Just in time for Oktoberfest, the little purplish blue Italian prune plums ripen — and all over Germany, slices of sweet, succulent “zwetschgenkuchen” fill the cases of pastry and coffee shops. This cake is also a popular dessert at Oktoberfests and all German cooks have their own generations-old recipe for it. But why is Oktoberfest celebrated in September?
Originally, the celebration took place on Oct. 12, 1810, to honor the wedding of Bavarian Crown Prince Ludwig to Princess Therese von Sachsen-Hildburghausen. That event lasted five days and included much drinking, song and horse racing. As the idea of an annual remembrance spread throughout Bavaria, the dates fluctuated and extended into longer periods of time. In order to take advantage of longer days and warmer temperatures, Oktoberfest started to migrate into September. Today, it always starts in September but ends in October.
In Munich, the capital of Oktoberfest merrymaking, the 2022 festival begins on Sept. 17 and ends on Oct. 3. Numerous other beer festivals are scheduled from early September through the end of October across the country. Each festival has its own flavor, according to the region in which it takes place and the available venue. Some are simply a tent with music and lots of beer, while others offer a carnival atmosphere complete with carousels and Ferris wheels.
Prunus domestica is native to the Mediterranean region of Italy, but the fruit is not popular there. Much different from the round, juicy black or purple plums found in most markets, the prune plum has a tougher skin and firmer fruit. It’s a small, oval, firm fruit with a bluish-black skin.
When very ripe, it’s enjoyed raw, but is much better suited to baking, drying or brandy making. This is the variety from which dried prunes are made, as well as the famous slivovitz, a plum brandy found all over Europe. The German name for this little fruit is zwetschgen, and the name for cake is kuchen — therefore zwetschgenkuchen is the recipe offered below.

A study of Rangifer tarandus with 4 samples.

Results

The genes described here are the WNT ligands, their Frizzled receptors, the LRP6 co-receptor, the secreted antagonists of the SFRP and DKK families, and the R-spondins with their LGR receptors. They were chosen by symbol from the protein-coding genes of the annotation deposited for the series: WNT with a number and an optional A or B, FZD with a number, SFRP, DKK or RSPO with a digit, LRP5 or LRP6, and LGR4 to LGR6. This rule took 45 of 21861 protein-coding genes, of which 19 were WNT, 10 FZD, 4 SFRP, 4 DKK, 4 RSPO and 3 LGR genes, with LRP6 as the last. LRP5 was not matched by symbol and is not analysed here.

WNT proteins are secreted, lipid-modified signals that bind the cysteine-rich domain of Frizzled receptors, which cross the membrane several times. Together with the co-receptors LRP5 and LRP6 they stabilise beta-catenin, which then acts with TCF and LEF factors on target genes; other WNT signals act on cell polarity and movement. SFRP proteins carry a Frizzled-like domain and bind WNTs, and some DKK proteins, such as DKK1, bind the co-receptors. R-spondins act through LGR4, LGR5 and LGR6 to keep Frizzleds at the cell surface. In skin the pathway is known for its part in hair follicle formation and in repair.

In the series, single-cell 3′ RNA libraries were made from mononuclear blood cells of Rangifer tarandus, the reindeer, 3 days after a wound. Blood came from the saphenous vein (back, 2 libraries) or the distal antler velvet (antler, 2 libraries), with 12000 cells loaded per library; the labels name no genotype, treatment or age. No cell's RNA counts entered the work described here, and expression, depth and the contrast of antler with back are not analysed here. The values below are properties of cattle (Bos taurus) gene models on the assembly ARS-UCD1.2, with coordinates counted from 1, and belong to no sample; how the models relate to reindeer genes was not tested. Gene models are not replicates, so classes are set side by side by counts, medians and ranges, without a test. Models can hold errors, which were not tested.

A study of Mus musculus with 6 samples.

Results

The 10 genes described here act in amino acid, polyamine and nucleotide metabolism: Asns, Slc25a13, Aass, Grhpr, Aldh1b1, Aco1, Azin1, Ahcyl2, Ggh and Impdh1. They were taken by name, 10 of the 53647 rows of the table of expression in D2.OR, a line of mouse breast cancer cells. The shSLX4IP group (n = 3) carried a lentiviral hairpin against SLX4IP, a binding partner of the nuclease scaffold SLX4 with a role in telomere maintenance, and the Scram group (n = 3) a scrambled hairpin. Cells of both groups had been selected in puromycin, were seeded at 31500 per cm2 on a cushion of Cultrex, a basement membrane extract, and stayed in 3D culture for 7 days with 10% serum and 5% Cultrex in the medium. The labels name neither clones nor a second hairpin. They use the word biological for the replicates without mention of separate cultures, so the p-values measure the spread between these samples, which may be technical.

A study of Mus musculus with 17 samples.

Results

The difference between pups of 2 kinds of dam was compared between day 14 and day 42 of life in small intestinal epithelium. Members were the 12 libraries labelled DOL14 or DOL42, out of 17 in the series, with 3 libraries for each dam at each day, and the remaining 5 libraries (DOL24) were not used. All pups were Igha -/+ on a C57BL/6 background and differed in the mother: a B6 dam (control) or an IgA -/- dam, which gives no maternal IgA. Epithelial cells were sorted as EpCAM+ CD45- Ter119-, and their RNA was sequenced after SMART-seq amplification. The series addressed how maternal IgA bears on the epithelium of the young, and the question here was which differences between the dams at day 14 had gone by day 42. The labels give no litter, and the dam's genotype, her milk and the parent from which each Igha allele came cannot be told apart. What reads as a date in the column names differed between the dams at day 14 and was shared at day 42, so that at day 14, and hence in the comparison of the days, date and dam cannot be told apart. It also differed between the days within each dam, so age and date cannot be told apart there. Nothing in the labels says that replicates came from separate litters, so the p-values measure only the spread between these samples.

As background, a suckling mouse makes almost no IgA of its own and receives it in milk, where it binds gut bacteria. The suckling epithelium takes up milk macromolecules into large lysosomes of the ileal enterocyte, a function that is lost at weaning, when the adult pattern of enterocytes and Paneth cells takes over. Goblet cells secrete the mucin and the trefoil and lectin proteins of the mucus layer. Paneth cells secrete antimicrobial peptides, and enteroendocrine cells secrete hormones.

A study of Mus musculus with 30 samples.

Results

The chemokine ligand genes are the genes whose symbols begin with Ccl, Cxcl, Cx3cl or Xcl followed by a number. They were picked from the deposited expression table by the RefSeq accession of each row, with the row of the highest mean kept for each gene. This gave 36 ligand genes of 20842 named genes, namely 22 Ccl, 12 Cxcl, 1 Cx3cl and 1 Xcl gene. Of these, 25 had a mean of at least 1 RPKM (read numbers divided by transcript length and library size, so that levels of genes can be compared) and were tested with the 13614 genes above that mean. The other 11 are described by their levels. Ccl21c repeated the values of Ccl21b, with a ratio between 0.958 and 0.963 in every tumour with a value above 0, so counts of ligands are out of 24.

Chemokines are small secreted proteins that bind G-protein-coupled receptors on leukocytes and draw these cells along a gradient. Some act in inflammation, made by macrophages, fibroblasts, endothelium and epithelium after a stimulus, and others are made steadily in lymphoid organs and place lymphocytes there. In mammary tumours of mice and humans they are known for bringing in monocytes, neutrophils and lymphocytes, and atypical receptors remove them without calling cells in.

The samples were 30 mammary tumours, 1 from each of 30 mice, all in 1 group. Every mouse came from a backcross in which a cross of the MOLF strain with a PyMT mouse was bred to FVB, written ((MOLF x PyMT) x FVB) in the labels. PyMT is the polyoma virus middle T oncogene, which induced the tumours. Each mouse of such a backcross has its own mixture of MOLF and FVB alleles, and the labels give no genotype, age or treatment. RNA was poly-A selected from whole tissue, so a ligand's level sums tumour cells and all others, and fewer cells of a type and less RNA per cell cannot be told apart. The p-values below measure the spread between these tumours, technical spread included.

This writer begs all the prune plums she can find during September harvest and bakes several full-sized sheet pans of this delectable dessert. The Italian plum is not popular in large grocery stores, but frequently can be found at farmers markets and specialty shops. Many Northwest gardens have a tree in their yards and the trees tend to be prolific bearers. The cook who perseveres to find this illusive autumn fruit will be well rewarded by the effort.
• 3/4 to 1 cup warm milk; start with 3/4 and add extra to the dough as needed
• 1 1/2 tablespoons dry active yeast
• 4 cups all-purpose flour
• 3/4 cup sugar (150 g)
• 1/2 teaspoon salt
• 1 stick butter (120 g), melted but not hot
• 2 eggs
• 1 teaspoon quality, pure vanilla extract
• 3-plus pounds Italian plums, cut into quarters, pits removed
• 1 cup all-purpose flour
• 1 cup sugar
• 1 teaspoon ground cinnamon
• 1/2 cup butter, room temperature
Dissolve the yeast into the 3/4 cup warm milk and let is sit for 5-10 minutes until frothy.
Place the flour, sugar and salt in the bowl of a stand mixer and pour in the yeast mixture, melted warm (not hot) butter, eggs and vanilla extract. Give it an initial stir to combine the ingredients and then attach a dough hook and knead it on the bread setting (“2”) for 4-5 minutes, adding the remaining 1/4 cup milk as necessary. (The dough will be sticky but should hold together fairly well. It will not be firm enough to knead into a ball; think of it more as a thick batter.)
Cover dough loosely with plastic wrap and set it in a warm, draft-free place to rise for an hour or until about doubled in size. Gently turn out dough onto a floured board and pat it into a rectangle, about 6 by 8 inches.
Generously butter a large jelly roll pan (at least 18 inches in length with 1-inch sides). Use your hands to spread the dough out across the full length of the pan, pressing it up against the sides. (It’s yeast dough so it will resist, but keep pushing it back into position the best you can. Once you put the plums on it, those will help keep it in place.)
While the dough is rising, make the streusel: Place all the ingredients in a medium-sized bowl and use your fingers to bring it all together. Work with the mixture until it’s thoroughly combined and forms a rough sand and clumpy texture. Sprinkle the streusel over the top of the cake.
Bake the cake on the middle rack of the oven preheated to 350 F for 30-35 minutes or until the top is golden.
Let the cake sit for at least 30 minutes before slicing to let some of the liquid set. Slice the cake into squares and serve.
This cake holds up well for a day or two and is even more flavorful once the juices have been absorbed into the dough.
Cut into serving-sized slices and wrap well. It will keep in the freezer for six months. Defrost at room temperature and warm slightly before serving if desired. It’s delicious with a dollop of whipped cream or a little scoop of ice cream.